Because it is often difficult to remember how to run tests for Gaia, the front-end for Firefox OS, I’ve noted down some of my frequently used commands here. Consider this document a brain dump, made primarily for my own forgetful self.
The build system targets do not automatically deploy changes to source code. This appears to be the de-facto workflow with Node.js, however odd it seems. The correct workflow is to re-install the changed package each time you make a change.
You can use a tool like Gareth Aye’s npmr
that will detect which local packages have changed
and install only those.
You call it with the
every time you make a change.
As far as I understand, the long term plan is to upstream this behaviour to npm itself and make it a default.
Most of the tests I run are Marionette related. The Marionette Node.js client comes with unit- and integration tests.
Running the unit tests is fairly straight forward
because they do not rely on a B2G Desktop browser binary.
Yet, because they depend on the
node_modules Makefile target,
they still need to download the latest B2G build off
although the tests themselves does not use it.
The integration test target encompasses
all the integration tests for Gaia,
including integration tests for the Marionette client.
To limit the tests only to those related to the harness,
one can use the
HARNESS_ONLY output variable.
This is essentially a predefined test list that populates
TEST_FILES variable lets you override
the tests that are picked up from the various manifests
by specifying the (relative or absolute) paths to individual tests,
separated by spaces.
In this case it will run the test files test, cases, separated, by, and spaces.
An important peculiarity with the Gaia test targets
is that they run tests marked as ignored in manifests by default.
This means you need to set
to the path of the ignore manifest used by Treeherder (TBPL) explicitly.
does not replicate how tests are run by the test slaves.
To properly replicate the exact environment under which the tests are run,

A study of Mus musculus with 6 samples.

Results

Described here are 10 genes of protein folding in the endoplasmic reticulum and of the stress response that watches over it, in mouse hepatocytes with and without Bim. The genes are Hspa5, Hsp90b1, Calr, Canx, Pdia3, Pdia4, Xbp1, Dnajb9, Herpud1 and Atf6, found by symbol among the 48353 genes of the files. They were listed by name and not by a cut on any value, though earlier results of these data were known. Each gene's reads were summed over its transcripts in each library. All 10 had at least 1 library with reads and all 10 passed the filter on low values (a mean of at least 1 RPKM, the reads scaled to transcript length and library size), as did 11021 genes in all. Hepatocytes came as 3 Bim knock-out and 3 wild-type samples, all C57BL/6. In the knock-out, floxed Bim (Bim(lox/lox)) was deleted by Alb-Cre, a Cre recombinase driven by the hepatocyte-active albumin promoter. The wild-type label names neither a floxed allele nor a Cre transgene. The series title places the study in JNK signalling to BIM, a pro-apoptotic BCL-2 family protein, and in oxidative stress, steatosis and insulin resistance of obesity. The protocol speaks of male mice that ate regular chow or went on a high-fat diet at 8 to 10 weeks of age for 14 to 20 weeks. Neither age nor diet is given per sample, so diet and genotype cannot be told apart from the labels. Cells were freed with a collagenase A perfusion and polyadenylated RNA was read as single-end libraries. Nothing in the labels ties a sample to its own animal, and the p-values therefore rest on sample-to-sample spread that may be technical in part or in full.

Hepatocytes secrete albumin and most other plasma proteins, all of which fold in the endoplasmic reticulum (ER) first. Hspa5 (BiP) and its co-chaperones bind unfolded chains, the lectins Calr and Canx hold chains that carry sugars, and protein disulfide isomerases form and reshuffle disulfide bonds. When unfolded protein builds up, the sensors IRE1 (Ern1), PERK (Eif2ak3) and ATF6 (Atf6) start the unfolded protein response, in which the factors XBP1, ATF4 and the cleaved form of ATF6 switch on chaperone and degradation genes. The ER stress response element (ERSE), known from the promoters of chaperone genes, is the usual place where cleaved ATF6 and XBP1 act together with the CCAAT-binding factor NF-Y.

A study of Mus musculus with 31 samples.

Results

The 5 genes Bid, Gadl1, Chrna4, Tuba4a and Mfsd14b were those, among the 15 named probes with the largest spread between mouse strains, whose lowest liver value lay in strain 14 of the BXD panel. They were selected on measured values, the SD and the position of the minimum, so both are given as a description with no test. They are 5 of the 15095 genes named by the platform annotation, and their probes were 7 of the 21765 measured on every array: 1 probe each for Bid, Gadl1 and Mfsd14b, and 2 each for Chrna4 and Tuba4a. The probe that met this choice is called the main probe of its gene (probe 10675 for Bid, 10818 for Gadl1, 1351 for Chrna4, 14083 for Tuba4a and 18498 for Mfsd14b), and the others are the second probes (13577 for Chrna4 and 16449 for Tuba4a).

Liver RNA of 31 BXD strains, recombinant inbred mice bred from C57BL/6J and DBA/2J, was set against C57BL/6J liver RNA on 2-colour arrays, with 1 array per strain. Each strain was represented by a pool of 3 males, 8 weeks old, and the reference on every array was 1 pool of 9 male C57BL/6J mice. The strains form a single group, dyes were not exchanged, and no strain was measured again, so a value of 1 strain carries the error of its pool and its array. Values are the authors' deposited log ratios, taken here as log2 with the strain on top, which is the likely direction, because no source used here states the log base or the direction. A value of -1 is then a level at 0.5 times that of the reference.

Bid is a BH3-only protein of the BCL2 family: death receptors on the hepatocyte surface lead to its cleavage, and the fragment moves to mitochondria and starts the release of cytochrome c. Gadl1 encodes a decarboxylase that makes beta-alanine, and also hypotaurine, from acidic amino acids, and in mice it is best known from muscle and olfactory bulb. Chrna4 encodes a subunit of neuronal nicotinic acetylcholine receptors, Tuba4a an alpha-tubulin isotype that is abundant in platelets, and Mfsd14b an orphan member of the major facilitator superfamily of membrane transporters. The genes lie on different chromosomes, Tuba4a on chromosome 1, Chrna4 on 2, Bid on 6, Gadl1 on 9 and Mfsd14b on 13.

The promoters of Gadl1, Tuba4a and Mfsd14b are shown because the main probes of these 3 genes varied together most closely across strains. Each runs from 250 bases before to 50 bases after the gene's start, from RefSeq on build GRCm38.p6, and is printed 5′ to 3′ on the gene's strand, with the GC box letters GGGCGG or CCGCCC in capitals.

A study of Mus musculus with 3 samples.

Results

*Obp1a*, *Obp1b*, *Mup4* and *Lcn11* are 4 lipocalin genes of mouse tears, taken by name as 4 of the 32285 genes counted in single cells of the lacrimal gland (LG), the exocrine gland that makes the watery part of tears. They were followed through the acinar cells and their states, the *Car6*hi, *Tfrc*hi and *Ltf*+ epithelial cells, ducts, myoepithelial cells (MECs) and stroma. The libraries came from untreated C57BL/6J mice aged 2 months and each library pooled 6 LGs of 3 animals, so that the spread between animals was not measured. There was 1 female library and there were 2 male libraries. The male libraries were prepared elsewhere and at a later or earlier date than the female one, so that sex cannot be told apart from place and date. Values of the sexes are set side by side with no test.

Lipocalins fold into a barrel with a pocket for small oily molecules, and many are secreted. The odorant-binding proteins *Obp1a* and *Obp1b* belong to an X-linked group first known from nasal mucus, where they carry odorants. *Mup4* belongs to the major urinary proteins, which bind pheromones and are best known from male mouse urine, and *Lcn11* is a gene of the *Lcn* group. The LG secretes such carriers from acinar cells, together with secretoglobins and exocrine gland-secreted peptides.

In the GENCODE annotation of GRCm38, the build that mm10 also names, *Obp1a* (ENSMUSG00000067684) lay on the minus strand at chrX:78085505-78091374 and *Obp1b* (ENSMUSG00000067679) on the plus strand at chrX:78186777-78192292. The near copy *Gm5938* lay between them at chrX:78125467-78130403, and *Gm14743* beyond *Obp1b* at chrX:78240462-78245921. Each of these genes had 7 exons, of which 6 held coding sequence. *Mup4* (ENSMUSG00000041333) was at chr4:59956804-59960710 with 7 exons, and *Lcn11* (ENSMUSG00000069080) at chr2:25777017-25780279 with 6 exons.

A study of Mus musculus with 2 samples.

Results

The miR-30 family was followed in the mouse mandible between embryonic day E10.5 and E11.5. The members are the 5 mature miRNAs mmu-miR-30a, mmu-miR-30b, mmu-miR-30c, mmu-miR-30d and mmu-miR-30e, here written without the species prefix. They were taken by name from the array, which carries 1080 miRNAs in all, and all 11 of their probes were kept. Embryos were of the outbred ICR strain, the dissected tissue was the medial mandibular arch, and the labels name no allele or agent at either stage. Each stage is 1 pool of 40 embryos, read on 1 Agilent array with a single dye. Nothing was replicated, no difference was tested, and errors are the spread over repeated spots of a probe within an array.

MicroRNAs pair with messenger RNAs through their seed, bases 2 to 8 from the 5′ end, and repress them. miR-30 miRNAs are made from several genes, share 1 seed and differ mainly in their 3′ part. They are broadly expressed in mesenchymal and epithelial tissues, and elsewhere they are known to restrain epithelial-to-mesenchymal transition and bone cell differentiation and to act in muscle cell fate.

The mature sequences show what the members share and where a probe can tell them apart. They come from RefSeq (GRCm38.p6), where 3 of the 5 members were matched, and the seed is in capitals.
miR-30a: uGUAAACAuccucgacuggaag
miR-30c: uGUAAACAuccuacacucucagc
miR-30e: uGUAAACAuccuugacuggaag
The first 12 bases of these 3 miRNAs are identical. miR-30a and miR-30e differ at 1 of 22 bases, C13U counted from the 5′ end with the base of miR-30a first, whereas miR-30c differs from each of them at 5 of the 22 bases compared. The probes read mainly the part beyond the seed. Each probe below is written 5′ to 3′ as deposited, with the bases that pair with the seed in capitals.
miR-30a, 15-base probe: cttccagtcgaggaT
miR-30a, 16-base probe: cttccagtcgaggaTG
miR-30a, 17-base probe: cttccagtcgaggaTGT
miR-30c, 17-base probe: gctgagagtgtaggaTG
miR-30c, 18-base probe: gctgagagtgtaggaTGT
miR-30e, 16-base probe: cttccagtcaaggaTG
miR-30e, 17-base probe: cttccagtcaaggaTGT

you should consider running them in Linux containers.
Since Gaia tests are run on Taskcluster, you can access the artifcat link from the job information pane on Treeherder, where Taskcluster gives you the exact instructions for running a test job locally on your system.
For integration tests
or tests that require the use of a browser binary,
you can specify
the absolute path of the binary
to have the build system pick up on it.
Unfortunately it will still download the latest B2G binary even if this output variable is set.
Note that since a few months ago, you must now specify the b2g-bin binary, and not the b2g shell script that wraps it. If you do the former, and you run your tests non-headless, you will get a popup saying it cannot load your profile. If you run the tests headless, they will simply time out after a very long time.
To get access to the Gecko log
like you would with
--gecko-log - with mach,
you can set the VERBOSE output variable.
In Gaia, make wraps Node.js which in turn wraps a Python virtualenv, wrapping another Node.js process managing the B2G binary. In other words there are many opportunities to mess up process ownership.
It can sometimes be wise to ensure that you have no defunct/zombie processes lying around, because it happens that the Marionette client connects to old processes which will cause you much pain.